ACT leader David Seymour has labelled the gun buyback scheme a waste of time, despite police hailing the first event a success.
Around 440 firearms and accessories were surrendered in Christchurch on Saturday for day one of the two-day hand-in - the first of more than 250 planned around the country. It's designed to rid New Zealand of the kinds of weapons often used by mass shooters, in particular the gunman who opened fire on two Christchurch mosques in February, killing 51.
Nearly 170 firearms owners handed in 224 prohibited firearms and 217 parts and accessories.
But Seymour says the exercise is pointless.
"People who are prepared to line up in the full public glare and hand in their firearms at below-market rates are not the people we should be worried about," he told Newshub.
More than $430,000 has already been paid in compensation.
"We're spending millions of dollars of taxpayers' money to take the least-dangerous guns out of circulation, and eroding the trust of the law-abiding firearms community," said Seymour.
Police on the other hand were stoked with how the day went.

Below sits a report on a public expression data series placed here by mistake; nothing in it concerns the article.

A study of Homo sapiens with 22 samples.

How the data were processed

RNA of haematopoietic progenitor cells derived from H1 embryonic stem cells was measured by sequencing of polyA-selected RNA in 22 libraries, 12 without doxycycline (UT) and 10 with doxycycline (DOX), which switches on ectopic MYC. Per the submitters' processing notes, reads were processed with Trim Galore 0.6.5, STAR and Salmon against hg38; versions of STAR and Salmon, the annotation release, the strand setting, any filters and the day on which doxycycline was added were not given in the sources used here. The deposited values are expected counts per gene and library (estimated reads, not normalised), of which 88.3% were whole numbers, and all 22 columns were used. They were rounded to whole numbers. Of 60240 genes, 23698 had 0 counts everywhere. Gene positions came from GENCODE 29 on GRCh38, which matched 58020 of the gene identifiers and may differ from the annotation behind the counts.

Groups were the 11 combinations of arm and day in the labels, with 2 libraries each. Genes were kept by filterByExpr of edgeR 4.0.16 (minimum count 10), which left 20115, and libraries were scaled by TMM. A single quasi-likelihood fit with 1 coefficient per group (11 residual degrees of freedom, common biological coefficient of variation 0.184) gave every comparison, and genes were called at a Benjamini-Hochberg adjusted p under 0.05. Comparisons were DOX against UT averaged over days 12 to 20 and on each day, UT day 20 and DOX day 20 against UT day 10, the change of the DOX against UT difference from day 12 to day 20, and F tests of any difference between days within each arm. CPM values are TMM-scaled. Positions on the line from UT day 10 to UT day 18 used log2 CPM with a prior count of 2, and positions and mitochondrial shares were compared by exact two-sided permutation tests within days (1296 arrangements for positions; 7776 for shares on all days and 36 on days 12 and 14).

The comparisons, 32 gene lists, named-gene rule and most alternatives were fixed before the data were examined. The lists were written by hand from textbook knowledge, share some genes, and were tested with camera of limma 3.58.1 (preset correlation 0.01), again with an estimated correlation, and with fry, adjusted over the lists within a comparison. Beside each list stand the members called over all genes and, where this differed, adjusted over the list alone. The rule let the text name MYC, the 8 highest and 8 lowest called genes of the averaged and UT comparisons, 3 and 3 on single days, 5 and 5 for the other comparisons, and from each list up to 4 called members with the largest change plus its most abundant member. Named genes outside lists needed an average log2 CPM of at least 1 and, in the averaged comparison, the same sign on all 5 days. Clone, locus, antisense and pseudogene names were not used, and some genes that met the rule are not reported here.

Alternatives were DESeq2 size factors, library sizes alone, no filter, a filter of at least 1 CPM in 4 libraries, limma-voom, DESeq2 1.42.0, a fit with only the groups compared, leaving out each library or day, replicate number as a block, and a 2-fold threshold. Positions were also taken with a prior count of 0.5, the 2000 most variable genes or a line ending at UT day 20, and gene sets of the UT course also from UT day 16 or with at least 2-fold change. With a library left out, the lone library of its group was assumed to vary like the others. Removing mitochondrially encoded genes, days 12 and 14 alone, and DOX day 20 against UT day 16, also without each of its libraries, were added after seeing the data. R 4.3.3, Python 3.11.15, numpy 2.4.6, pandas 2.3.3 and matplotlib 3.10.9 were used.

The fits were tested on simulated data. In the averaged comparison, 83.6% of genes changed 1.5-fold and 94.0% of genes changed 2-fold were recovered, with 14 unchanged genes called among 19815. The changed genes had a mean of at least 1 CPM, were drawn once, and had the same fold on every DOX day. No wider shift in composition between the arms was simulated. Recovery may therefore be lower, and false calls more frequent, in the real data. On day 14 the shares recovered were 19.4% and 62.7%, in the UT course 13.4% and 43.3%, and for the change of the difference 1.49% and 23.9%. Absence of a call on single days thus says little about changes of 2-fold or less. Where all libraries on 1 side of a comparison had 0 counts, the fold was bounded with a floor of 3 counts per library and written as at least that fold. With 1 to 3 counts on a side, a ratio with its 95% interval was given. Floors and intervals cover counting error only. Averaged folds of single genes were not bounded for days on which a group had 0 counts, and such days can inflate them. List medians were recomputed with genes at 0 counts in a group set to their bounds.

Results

"Canterbury firearms owners' attitude towards this process has been outstanding," said Acting Canterbury District Commander Mike Johnson.
"They have really engaged in the process here today and we have had positive feedback about the experience. I really want to thank both the public and our team for such a good start to what is the first of 258 collection events nationwide."
Owners who showed up to surrender their weapons seemed overall generally happy with the compensation and process.
"The collection event only generated around a quarter of registered people - so we suspect there's still a large number who not only are yet to register, but they still have to turn up to an event."
She blamed the level of compensation.
"We've heard of people coming out being very unhappy with the pricing for their firearm - values being only a third of what they purchased their firearm for."
Police expect more registered gun owners to show up on Sunday, where once again Riccarton Racecourse will be open for dropoffs until 3pm.
"Police recognise that this is a big change for the law-abiding firearms community and we are hearing really positive feedback from people as they come through today that they are finding the process works well for them," said Johnson.
Police have no idea how many of the newly prohibited firearms are out there.